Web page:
The New York City real estate law firm of Robert Aronov & Associates, P.C., can help you understand the complex mixture of common law, caselaw and the brand-new New York adverse possession law that make up an adverse possession claim. We can help legal owners and their heirs prove their rights to long-lost property, using land title records and other evidence. We can also bring an adverse possession claim for those who have invested substantial time and money into abandoned land.
New York Adverse Possession Explained
The burden of proof in adverse possession cases is always on the claimant -- not the property owner of record. To make an adverse possession claim in New York, an occupant must have possessed the land for ten years without a challenge by the landowner of record. But that's not enough by itself to make a successful adverse possession claim. Under recent legislation, the claimant must make a "substantial enclosure" on the land, such as a home, or another intrusion "sufficiently open to put a reasonably diligent owner on notice." That is, you can no longer take land you know is your neighbor's lawn by mowing it for ten years; you must do something to demonstrate that you claim the land.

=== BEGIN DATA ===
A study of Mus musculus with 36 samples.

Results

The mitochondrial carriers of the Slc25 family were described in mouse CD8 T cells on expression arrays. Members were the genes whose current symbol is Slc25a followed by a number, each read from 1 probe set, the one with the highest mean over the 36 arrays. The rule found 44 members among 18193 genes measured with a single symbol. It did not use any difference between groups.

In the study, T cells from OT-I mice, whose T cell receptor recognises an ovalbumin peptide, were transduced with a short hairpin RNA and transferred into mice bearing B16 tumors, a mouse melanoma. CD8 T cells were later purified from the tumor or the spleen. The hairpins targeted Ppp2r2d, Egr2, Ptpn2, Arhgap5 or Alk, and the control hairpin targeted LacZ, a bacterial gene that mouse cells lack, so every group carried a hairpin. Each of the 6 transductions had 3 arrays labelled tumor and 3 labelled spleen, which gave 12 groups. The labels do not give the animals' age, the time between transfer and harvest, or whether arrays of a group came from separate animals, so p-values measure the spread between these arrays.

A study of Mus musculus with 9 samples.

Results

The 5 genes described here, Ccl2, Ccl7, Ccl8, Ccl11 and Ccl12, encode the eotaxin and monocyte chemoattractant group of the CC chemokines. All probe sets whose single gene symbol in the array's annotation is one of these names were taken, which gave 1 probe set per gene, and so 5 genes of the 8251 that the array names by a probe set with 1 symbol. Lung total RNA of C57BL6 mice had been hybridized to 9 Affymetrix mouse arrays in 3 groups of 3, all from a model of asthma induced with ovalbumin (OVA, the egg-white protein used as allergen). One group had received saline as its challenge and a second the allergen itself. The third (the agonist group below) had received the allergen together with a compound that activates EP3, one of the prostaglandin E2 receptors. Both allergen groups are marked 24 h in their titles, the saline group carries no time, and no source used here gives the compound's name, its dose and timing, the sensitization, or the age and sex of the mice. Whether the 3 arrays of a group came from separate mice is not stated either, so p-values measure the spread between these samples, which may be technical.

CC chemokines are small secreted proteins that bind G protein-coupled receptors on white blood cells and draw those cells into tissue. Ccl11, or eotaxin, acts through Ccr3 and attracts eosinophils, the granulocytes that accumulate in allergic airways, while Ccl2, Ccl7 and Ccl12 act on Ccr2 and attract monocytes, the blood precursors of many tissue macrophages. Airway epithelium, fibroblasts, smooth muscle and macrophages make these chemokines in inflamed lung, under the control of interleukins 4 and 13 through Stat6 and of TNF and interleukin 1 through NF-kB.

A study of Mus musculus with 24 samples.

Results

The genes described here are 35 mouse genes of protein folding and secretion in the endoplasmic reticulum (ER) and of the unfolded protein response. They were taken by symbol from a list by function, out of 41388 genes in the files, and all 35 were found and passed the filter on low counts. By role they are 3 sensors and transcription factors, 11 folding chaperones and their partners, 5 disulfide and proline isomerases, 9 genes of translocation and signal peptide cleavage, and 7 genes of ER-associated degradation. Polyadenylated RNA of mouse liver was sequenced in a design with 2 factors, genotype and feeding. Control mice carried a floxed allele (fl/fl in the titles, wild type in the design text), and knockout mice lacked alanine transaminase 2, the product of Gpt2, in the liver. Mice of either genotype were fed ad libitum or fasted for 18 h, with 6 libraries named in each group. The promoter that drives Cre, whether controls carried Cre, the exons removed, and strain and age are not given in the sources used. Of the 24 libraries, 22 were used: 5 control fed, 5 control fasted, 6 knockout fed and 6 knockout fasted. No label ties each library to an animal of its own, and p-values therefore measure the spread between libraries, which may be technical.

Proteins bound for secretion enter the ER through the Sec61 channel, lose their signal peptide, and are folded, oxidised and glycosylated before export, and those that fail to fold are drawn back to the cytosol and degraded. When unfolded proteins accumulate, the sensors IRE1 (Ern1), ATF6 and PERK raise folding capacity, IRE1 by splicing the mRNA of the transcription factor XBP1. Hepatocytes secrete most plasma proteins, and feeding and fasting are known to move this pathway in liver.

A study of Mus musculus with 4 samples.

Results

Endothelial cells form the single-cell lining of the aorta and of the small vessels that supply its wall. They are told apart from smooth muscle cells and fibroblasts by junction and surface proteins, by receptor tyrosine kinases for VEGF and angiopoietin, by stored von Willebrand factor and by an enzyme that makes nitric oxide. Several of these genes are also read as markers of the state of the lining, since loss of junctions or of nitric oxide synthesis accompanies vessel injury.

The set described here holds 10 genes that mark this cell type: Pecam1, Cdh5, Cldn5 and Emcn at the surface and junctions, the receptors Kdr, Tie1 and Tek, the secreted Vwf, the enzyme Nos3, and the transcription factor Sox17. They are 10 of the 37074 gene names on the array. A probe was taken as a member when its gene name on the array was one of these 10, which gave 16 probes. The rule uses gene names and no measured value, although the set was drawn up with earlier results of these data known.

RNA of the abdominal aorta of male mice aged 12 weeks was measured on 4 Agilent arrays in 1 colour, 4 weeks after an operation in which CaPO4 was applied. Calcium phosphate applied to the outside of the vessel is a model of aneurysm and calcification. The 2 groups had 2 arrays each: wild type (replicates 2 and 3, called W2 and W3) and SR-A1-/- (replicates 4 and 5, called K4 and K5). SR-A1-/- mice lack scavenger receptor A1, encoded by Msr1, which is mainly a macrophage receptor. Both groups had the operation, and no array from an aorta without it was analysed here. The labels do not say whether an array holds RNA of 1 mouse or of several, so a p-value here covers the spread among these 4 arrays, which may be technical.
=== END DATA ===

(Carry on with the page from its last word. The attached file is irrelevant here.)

After this, claimants must meet five more requirements to gain legal title to the land:
- They must physically possess and use the land -- just walking across it regularly isn't enough.
- The use must be open and obvious, most of all to the legal owner.
- The legal owner cannot use the land at the same time as the claimant. There may be several claimants, however.
- The claimant must have used the land in a way that's "hostile" -- inconsistent with the landowner's rights and without permission.
- The claimant must have used the land continuously (with no breaks) throughout the ten years.
New York City Adverse Possession Attorneys
Robert Aronov & Associates, P.C. is a New York City law firm focusing its practice on real estate law. In addition to making and defending clients against adverse possession claims, we handle all other types of New York City real estate law. We have five offices in Queens, Brooklyn and Manhattan, and serve all five boroughs as well as Long Island and update counties.
For a free consultation on an adverse possession claim, contact Robert Aronov & Associates, P.C., today.